Choice of routes: 8km to 11km
Noirmont headland circuit (grade 1): 8km, 2.5hrs; ascent/descent 155m
Beginning from the door of your hotel, this leisurely circular route leads along the coast and onto the Noirmont headland, from where the views over St Aubin’s Bay are simply spectacular. As you make your way around the rocky, gorse-scented headland, you will come across many reminders of Jersey’s occupation by German forces during World War II – the headland is home to the island’s war memorial, and to Battery Lothringen, a coastal artillery battery which is one of the best preserved in Western Europe. Later in the walk, you will encounter history of a far more ancient nature: your loop takes you to La Cotte de St Brélade, a Neanderthal site of international importance.
To Corbière lighthouse (grade 1): 11km, 3.5hrs; ascent/descent 190m
The opening of Jersey’s first railway in 1870 was a cause for great local celebration, however, it was never a commercial success, and today the former narrow-gauge line is a gentle, traffic-free walking trail, which this route follows east to the rocky headland of La Corbière and its lighthouse. The views from here are some of Jersey’s most iconic: at high tide the lighthouse rises above the swelling seas, and at low tide the waters recede to allow it to be reached on foot. The scenery shifts on the second half of the route, as you walk along cliff-top paths to St Brelade’s Bay, a gloriously expansive sweep of sand which is considered to be one of the best beaches in the British Isles. Be sure to spend some time relaxing here – there are a number of cafés and restaurants – before returning to St Aubin by bus.
Grève de Lecq circuit (grade 1): 8.5km, 3hrs; ascent/descent 210m
This varied route introduces you to Jersey’s dramatic north coast – a rugged landscape of bays, caves, small islands and high cliffs. The route begins (and ends) with a bus journey to the lovely sandy bay of Grève de Lecq, from where you follow cliff-top paths east to Sorel Point; as you walk, keep an eye out for red-billed choughs – these rare birds have been reintroduced to the area in recent years. The return leg of the route takes you inland, and reveals a bucolic landscape of tranquil, drystone-wall-edged country lanes and fertile fields grazed by Jersey cows. A real highlight of the route is the chance to call at La Mare Wine Estate: this former 18th-century farmhouse is today a well-regarded vineyard which produces a delicious array of wines, spirits and confectionary, as well as the island’s famous ‘black butter’, a spiced apple preserve.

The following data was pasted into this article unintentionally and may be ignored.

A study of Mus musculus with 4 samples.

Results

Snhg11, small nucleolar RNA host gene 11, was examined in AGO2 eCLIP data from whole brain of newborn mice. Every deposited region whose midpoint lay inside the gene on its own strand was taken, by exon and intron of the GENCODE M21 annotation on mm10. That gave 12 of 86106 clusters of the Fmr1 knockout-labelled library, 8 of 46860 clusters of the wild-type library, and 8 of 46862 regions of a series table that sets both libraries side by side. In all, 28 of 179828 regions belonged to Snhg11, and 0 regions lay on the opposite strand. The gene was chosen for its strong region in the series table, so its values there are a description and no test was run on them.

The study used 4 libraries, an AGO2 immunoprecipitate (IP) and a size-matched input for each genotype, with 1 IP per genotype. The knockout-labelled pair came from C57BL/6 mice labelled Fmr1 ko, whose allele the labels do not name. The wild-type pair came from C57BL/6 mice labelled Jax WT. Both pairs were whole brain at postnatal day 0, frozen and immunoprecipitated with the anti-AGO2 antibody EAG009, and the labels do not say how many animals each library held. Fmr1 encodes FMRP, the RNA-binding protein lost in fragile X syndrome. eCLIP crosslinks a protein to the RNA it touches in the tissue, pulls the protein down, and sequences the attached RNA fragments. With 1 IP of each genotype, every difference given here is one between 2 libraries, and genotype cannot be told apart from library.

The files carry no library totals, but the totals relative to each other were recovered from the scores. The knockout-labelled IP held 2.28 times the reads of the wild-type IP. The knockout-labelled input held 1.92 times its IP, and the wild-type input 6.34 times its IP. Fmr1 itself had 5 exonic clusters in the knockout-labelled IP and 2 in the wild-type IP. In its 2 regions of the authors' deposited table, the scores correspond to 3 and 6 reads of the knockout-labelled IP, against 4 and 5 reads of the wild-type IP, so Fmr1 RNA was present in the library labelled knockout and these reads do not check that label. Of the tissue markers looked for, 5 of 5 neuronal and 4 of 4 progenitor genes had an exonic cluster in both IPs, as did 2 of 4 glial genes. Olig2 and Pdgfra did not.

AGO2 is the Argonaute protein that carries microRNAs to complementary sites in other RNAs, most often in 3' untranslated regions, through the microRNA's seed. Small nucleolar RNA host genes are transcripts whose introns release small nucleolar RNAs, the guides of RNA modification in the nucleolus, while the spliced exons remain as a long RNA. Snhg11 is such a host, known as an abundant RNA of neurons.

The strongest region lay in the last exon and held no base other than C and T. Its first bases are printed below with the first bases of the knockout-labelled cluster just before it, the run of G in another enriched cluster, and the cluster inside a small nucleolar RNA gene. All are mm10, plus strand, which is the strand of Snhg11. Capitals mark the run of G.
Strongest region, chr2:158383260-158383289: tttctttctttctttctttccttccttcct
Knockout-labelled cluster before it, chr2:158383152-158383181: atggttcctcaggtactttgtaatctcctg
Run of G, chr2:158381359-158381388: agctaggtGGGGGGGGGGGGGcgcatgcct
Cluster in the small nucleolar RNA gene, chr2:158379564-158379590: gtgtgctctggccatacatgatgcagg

Waterworks Valley and Jersey War Tunnels (grade 1): 9.5km, 3.5hrs; ascent/descent 180m
Beginning and ending with a bus journey, this fourth walking option gives you the chance to explore Jersey’s tranquil, rural interior. A delightful woodland path traces the route of old water mills through the Waterworks Valley to reach Hamptonne, a living farm museum. From here, quiet country lanes lead to Jersey War Tunnels, a vast underground complex which houses an immersive museum and gives a fascinating insight into what life was like on the island during World War II.
Mont Orgueil Castle to St Catherine’s Bay (grade 1): 8km, 2.5hrs; ascent/descent 155m
One of Europe’s finest medieval fortresses and a symbol of Jersey’s national identity, Mont Orgueil Castle makes an impressive starting point for your exploration of the island’s sheltered east coast. Set above the beautiful little fishing village of Gorey, the castle covers a staggering 800 years of history, beginning with its construction in 1212 as a defence against French aggression. This is the corner of the island closest to France, and the country’s shoreline can be seen in the distance as you make your way north along the coast, passing a succession of secluded bays, including Archirondel Beach with its distinctive red-and-white-painted Conway Tower. Your final destination is St Catherine’s Bay, at whose northern end is a huge breakwater – built by the British Government in 1847 when they intended for the bay to serve as a Royal Navy harbour. From here, retrace your steps south to Gorey, then return to St Aubin by bus (the route also begins with a bus journey to Gorey).